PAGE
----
Centenary of the Birth of Dylan Thomas

L-R: Alfred Janes and Dylan Thomas, c.1934. Photo: William Scott. William Scott Archive
27 October 2014

In November 1934, the Welsh poet Dylan Thomas moved from his home town of Swansea to London, sharing a room with his childhood friend, Alfred Janes. Thomas quickly became assimilated within Janes’ circle of friends, one of whom was William Scott (Janes, like Scott, was a student at the Royal Academy Schools). Before long, Janes, Thomas, Scott and Mervyn Levy (who had been at school with Thomas and was, by the early 1930s, a student at the Royal College of Art) were all sharing digs in Chelsea. Later, remembering this time, Scott described Thomas as ‘a poet living with painters’, with no need of a room of his own; ‘apparently a poet didn’t need one: he slept on the floors of his friends, using his trousers for a pillow.’

In histories of Thomas’s career, this period is of particular interest as it witnessed his arrival on the London literary scene – in December 1934 his first volume of poetry ’18 Poems’ was published. Perhaps what is not so well known is that, during this time spent in London, Thomas also experimented with pictorial creativity, even if in a pretty minor way. The incident – and indeed the period as a whole – was recalled some years later by Mervyn Levy in an article on Scott, in which he powerfully evoked a fascinating – and historic – moment in the lives of both William Scott and Dylan Thomas:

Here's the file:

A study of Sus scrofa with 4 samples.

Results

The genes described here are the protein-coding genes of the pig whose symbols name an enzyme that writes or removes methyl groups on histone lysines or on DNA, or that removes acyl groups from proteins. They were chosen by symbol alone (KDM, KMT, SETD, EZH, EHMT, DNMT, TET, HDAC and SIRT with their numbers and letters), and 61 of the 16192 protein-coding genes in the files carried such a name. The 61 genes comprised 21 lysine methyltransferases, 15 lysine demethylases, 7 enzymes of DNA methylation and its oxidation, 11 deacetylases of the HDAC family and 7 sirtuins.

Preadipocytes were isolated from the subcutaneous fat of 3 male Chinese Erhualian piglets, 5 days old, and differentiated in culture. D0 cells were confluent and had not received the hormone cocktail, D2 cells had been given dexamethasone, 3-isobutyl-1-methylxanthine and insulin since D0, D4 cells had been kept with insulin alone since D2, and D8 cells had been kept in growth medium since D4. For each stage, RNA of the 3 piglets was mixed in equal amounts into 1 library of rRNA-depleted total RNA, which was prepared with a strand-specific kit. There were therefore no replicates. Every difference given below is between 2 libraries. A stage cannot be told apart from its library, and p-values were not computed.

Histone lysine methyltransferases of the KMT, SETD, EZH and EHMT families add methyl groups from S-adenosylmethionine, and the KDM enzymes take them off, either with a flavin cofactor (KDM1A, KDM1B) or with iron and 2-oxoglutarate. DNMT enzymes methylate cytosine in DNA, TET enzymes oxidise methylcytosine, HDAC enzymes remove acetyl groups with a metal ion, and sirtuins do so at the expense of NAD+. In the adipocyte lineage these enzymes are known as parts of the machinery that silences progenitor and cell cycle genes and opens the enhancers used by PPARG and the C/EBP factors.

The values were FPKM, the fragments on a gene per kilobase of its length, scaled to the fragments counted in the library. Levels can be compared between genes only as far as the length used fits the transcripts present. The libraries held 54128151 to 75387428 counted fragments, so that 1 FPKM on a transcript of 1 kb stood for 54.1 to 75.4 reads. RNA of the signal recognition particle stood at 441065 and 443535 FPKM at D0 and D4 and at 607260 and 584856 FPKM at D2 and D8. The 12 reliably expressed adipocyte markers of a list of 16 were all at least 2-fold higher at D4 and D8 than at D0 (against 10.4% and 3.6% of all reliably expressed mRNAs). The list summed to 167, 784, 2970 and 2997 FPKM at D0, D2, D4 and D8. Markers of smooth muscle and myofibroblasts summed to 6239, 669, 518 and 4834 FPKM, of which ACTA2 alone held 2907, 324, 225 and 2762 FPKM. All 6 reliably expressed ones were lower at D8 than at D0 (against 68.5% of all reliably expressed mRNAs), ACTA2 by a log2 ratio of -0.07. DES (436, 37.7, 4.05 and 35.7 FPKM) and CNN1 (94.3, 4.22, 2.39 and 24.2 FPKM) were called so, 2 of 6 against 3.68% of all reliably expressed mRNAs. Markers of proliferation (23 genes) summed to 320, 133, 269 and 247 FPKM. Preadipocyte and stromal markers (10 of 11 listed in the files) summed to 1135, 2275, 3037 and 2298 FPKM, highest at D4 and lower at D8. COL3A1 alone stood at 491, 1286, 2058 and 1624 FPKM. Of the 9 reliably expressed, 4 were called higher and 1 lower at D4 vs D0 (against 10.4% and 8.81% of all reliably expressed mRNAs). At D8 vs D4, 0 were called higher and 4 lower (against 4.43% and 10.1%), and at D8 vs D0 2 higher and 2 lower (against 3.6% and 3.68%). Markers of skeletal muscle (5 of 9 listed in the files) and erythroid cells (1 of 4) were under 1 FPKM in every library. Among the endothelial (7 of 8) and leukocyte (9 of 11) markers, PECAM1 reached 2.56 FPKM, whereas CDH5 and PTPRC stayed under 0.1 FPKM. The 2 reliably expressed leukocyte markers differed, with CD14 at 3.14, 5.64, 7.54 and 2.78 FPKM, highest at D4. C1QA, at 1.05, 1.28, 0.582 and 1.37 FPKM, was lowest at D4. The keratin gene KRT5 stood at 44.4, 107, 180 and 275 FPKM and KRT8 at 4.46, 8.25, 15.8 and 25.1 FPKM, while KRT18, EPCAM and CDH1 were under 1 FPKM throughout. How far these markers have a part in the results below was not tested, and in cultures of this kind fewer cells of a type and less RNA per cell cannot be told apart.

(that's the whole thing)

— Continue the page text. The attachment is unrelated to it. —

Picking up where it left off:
‘Standing with William Scott a few days ago outside No. 35 Edith Grove, Chelsea, the house where as art students we had shared for a while the same flat, I listened to the gentle voice of the painter, one of my oldest friends: “You remember, Levy?” I remembered. And that other house at No. 21 Coleherne Road where we had lived with Dylan Thomas in the early thirties. I was then a student at the Royal College, Scott at the Academy Schools. He still possesses a remarkable souvenir of those years. An early Academy painting of his, which even then displayed the same clarity of conception, the same essential purity and economy of means as that which distinguishes the latest of his works. The picture, now hanging in his Chelsea studio at Edith Terrace, a mere dream’s nip around the corner from that other house in Edith Grove, is based on a religious theme. Angels hovering around some rooftops. On this portion of the painting, one night, a tipsy Dylan was permitted to lay in the lines of some tiling. It must be the only pictorial expression of the poet’s genius in existence.’